Data Broker Practices in the Crosshairs

Written by Justin Brookman

Last week CDT asked the FTC and several state AGs to end the deceptive business practices of and to crack down on bad data broker practices in-general using existing fair credit reporting laws.  Spokeo offers a "people search" service where you can find extremely detailed profiles about millions of Americans.  Because these profiles also purportedly include information about person's credit and are explicitly marketed to employers, we argue that Spokeo is bound by the terms of the Fair Credit Reporting Act (FRCA), and should offer the consumer and privacy protections available under that law.  Spokeo doesn't offer any of those protections, and we believe that puts them in violation of the law.

The FRCA was passed in 1970, in response to a pattern of abuse in the consumer reporting industry.  Many data brokers at that time were selling incorrect and outdated information about consumers, including assessments of consumers' lifestyle, such as sexual orientation, relationship status, and the dubious category of "cleanliness."  Congress responded by passing a law to address these problems, finding:

•    Consumer reporting agencies have assumed a vital role in assembling and evaluating consumer credit and other information on consumers.
•    There is a need to insure that consumer reporting agencies exercise their grave responsibilities with fairness, impartiality, and a respect for the consumer's right to privacy.

FCRA is built on a simple idea: if a data broker is going sell the profiles and assessments of consumers there should be protections in place to guarantee that the information is correct.  These baseline protections include a consumers' right to access the information a data broker has assembled about them, and to petition to correct inaccuracies.  The law limits how long negative information can be reported, and requires brokers to give the data out only to persons with a legitimate business purpose.  If someone makes an adverse determination about an individual based on the consumer report, the consumer has to be told why and given the chance to correct any misinformation that might have weighed on the negative decision.  The law was written for two primary purposes, credit and employment; however, FCRA's protection extends to reports used for a wide range of other important activities as well.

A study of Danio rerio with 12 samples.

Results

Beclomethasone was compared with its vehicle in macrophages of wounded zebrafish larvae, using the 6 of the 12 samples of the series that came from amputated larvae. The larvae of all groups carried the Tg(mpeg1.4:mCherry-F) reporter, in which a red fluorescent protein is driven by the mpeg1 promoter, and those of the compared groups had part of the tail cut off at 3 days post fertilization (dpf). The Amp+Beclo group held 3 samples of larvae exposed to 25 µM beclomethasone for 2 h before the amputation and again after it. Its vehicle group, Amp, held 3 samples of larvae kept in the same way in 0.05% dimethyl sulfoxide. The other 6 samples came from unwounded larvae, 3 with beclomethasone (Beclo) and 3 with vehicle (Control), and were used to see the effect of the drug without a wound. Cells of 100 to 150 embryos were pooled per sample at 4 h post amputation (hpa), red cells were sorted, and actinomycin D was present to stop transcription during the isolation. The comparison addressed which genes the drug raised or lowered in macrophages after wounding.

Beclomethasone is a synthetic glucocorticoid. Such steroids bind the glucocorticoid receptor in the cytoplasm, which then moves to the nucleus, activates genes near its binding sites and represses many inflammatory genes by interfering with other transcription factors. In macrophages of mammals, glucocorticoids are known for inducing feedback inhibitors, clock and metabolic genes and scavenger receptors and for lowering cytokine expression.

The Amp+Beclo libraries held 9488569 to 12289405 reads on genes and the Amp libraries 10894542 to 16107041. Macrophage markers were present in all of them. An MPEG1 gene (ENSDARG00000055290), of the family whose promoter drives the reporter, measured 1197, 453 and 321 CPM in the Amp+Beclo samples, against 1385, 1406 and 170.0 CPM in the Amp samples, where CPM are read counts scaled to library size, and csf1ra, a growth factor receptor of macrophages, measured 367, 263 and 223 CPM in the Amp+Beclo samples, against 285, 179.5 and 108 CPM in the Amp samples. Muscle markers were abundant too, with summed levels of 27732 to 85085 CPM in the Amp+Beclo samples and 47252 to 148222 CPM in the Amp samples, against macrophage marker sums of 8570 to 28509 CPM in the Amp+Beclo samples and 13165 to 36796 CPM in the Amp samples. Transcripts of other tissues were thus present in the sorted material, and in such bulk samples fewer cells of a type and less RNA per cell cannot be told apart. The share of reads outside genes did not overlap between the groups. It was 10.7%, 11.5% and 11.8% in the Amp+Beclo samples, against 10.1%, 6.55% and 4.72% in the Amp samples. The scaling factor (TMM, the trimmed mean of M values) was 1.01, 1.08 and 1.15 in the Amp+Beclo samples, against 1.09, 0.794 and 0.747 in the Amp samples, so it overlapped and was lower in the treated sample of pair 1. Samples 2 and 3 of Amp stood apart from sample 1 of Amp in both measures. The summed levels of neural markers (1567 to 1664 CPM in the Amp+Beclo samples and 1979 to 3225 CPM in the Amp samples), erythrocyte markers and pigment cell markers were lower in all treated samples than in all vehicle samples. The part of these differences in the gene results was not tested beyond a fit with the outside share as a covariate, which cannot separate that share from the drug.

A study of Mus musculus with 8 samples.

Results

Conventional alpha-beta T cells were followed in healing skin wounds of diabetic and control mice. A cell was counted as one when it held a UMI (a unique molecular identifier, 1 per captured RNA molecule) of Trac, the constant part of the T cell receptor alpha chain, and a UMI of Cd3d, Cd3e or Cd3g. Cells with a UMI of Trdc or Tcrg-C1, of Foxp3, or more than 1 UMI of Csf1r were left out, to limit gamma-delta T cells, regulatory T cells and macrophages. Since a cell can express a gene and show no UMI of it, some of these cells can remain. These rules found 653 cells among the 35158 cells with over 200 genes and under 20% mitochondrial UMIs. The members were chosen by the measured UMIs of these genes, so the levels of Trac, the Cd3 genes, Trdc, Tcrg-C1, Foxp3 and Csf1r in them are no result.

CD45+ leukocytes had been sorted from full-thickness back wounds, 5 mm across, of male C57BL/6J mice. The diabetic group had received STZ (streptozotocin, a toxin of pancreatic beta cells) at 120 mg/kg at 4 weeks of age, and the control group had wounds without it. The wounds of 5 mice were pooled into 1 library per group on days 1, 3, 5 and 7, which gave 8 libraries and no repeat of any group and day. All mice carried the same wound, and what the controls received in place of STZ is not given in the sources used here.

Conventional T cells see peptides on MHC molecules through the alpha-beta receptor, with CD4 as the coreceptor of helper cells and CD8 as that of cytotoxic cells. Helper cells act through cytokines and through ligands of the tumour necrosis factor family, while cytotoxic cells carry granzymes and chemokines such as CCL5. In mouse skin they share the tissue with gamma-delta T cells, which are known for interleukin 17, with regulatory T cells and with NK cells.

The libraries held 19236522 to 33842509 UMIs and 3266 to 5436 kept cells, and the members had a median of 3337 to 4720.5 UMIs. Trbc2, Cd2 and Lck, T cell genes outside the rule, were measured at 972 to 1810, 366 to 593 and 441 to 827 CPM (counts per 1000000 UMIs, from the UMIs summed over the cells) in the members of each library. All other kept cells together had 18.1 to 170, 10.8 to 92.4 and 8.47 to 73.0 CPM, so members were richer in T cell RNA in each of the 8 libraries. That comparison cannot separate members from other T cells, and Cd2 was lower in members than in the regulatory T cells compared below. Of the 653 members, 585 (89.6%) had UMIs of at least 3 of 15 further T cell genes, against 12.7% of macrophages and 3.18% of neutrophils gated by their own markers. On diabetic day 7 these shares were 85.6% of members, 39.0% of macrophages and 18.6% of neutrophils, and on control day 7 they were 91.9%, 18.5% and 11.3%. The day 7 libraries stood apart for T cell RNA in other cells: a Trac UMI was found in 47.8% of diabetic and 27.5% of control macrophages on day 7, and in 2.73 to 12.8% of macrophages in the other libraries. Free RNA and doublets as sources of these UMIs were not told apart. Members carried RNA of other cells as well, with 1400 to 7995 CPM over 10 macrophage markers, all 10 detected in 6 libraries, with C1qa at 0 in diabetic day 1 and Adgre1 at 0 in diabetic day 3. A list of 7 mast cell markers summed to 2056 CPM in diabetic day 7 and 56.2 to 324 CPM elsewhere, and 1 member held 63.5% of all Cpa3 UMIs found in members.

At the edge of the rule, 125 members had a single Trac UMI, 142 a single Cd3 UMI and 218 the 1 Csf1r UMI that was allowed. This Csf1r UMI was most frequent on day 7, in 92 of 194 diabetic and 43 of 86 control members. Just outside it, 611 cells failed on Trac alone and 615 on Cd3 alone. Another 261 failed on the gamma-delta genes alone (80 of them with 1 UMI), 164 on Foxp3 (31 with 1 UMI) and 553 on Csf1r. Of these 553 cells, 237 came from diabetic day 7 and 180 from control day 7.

Spokeo has responded to our complaint by saying that FCRA doesn't apply to them.  They say their "credit estimates" aren't really based on facts about the individual, and therefore they're not really credit assessments.  How Spokeo figures out its ratings isn't relevant — they're still marketing them as "credit estimates," and they're still marketing them to employers.  That the reports are essentially worthless may make them deceptive — a separate violation of the law — but it doesn't mean the law concerning credit estimates doesn't apply to them.

Spokeo's defense is, however, representative of the data broker industry as a whole.  There are dozens — if not hundreds — of other Spokeo-like businesses out there—online and off-line—which gather and sell detailed profiles about consumers without their permission or understanding.  Like Spokeo, these data brokers may include disclaimers saying that these profiles are not regulated by FRCA, all the while marketing them for important business purposes.  In response to the passage of FCRA, a shadow data broker industry sprung up, purporting to operate outside Act's structure, but offering in many cases the same data and conclusions about consumers, only without any of FRCA's legal protections.

Today, it is unclear under the law how far FCRA's protections apply — the law is murky, and some data brokers are taking advantage of this uncertainty to skirt the clear intention of the Act.  And that is the primary reason why we brought our complaint against Spokeo.  It is clear, to us at least, that Spokeo is offering profiles that fall within FCRA's scope.  But we hope that the Spokeo case can offer guidance to the other marketers of data products.  There has been an awful lot of discussion about privacy in Washington and elsewhere in the past few months, but much of the focus has been on online advertising; data brokers have, by and large, escaped public scrutiny.  This is an area of the law that desperately needs FTC guidance, and we think a shining a spotlight Spokeo is a good place to start.